THE EXTRA COSTS OF BEING POOR
The poverty premium is the extra costs people on low incomes and in poverty pay for essential products and services. Essentials such as energy, through prepayment meters and expensive ‘Standard Variable’ tariffs; loans and credit cards with high interest rates; and insurance that costs more in deprived areas. It costs the average low income household an extra £490 a year, but for more than one in ten of these households it costs at least £780.
Fair By Design’s study of low income households who accessed the services of national poverty charity Turn2us, found that these households were paying a poverty premium equivalent to 14 weeks’ of food shopping (£478).
The poverty premium is compounded by factors such as digital exclusion; vulnerability e.g. physical and mental health issues; and geography – where someone lives.
Research commissioned by Fair By Design found that people with certain protected characteristics are also more likely to be paying a poverty premium. This is the case even when compared with low income households as a whole, suggesting that the UK marketplace is discriminating against groups of people, albeit indirectly. We already know that some protected characteristics are linked to an increased risk of poverty. As our research shows, the resilience of people with certain protected characteristics is also affected by having to pay a premium for being poor. Intersectionality also plays a large role: the more protected characteristics a person has, the more likely they are to be in poverty – and paying a poverty premium.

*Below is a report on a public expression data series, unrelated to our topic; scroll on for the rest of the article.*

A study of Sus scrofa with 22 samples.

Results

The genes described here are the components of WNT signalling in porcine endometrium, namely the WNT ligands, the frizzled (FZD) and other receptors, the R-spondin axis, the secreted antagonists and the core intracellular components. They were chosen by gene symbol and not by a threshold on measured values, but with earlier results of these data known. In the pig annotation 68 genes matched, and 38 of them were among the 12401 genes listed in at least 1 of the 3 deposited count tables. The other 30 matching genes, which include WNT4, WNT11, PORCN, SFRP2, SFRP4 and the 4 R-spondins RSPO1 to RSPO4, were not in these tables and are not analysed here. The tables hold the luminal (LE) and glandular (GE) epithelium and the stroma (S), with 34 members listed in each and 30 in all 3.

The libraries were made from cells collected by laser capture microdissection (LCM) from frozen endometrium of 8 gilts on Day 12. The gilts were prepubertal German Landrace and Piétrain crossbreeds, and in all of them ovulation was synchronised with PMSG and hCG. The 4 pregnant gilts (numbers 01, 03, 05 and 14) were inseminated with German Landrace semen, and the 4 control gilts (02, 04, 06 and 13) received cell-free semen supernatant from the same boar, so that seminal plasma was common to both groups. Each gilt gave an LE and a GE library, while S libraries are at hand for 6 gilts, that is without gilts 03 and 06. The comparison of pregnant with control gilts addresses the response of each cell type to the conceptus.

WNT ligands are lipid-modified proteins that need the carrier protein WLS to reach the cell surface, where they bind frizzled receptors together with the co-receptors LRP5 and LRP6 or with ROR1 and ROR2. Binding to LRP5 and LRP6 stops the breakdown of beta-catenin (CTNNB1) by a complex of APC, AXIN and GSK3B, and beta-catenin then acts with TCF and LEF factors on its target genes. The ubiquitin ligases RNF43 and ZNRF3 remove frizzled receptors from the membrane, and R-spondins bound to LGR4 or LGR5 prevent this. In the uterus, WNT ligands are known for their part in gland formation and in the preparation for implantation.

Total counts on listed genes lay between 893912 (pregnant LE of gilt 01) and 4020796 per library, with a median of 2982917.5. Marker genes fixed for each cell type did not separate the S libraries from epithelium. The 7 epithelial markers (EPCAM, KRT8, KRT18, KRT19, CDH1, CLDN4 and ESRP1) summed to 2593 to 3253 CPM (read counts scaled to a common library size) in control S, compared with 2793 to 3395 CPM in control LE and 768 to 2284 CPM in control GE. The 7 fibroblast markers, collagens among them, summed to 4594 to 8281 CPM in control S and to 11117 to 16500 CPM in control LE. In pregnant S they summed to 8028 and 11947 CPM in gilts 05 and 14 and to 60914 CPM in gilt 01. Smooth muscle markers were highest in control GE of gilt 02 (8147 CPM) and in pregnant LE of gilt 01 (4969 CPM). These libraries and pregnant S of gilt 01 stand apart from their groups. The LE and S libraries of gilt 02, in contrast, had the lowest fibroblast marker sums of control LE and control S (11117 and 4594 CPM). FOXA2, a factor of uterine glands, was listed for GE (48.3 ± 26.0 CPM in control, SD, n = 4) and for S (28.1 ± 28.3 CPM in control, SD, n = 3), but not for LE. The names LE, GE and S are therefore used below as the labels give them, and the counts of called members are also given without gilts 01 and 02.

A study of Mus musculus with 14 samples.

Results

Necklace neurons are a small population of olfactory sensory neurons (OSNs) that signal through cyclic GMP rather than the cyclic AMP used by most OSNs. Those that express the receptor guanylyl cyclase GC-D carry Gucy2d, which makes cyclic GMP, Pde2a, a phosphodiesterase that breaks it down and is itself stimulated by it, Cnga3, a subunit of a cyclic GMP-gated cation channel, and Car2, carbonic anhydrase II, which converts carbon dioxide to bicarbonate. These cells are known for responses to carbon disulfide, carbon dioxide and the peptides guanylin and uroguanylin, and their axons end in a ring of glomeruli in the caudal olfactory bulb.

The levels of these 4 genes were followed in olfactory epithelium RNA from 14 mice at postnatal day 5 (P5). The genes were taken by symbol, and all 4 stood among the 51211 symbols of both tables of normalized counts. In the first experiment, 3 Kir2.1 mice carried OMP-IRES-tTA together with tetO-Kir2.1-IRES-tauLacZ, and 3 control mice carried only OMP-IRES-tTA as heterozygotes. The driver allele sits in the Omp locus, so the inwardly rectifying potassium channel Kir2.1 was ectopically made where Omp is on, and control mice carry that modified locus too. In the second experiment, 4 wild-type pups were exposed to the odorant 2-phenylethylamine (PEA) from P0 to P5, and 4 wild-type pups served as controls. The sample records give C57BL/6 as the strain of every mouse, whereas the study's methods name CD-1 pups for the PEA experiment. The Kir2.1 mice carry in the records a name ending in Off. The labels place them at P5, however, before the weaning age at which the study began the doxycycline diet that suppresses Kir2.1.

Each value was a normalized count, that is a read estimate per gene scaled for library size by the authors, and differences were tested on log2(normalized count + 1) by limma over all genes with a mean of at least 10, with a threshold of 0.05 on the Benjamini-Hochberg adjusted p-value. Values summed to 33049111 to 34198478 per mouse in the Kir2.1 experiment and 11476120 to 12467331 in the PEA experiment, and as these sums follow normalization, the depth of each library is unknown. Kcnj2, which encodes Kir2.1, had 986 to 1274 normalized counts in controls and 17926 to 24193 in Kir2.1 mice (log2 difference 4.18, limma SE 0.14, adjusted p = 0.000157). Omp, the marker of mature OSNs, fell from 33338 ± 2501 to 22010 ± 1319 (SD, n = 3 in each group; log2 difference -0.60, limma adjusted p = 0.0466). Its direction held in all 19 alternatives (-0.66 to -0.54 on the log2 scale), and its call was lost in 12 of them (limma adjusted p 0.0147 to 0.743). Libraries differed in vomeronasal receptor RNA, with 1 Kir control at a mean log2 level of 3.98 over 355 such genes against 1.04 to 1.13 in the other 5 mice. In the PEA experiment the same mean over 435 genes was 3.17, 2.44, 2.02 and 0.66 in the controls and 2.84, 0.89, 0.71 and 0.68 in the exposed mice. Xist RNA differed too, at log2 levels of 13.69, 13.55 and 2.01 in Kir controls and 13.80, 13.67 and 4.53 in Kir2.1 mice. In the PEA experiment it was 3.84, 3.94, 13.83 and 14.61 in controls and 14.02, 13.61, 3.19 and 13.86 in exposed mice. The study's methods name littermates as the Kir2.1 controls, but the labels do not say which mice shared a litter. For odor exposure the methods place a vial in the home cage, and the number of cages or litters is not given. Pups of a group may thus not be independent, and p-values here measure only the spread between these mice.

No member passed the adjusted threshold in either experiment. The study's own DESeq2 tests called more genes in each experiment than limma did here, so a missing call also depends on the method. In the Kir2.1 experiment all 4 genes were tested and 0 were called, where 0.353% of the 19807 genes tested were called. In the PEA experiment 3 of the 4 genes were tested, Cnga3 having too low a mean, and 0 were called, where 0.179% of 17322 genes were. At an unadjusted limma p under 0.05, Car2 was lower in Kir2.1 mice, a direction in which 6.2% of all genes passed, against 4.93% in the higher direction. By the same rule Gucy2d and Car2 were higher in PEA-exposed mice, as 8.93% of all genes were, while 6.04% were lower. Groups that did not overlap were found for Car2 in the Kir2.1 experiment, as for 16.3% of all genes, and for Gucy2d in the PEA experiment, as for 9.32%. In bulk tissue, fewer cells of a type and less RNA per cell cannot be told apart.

The poverty premium is an injustice that affects the 14 million people in the UK who live in poverty. One-fifth of our population, the people with the least, end up paying the most, just to survive.
The poverty premium is something we can all be vulnerable to. Income ‘shocks’ such as redundancy or ill health can affect everyone. It locks people in a cycle of high costs and inadequate income. It means the market isn’t working well for many consumers. We need to redesign our approach to markets and products/services, involving people in decisions made about them.
The poverty premium can be fixed. Regulators, social policymakers, and businesses all have a role to play in designing products and services that work better for everyone.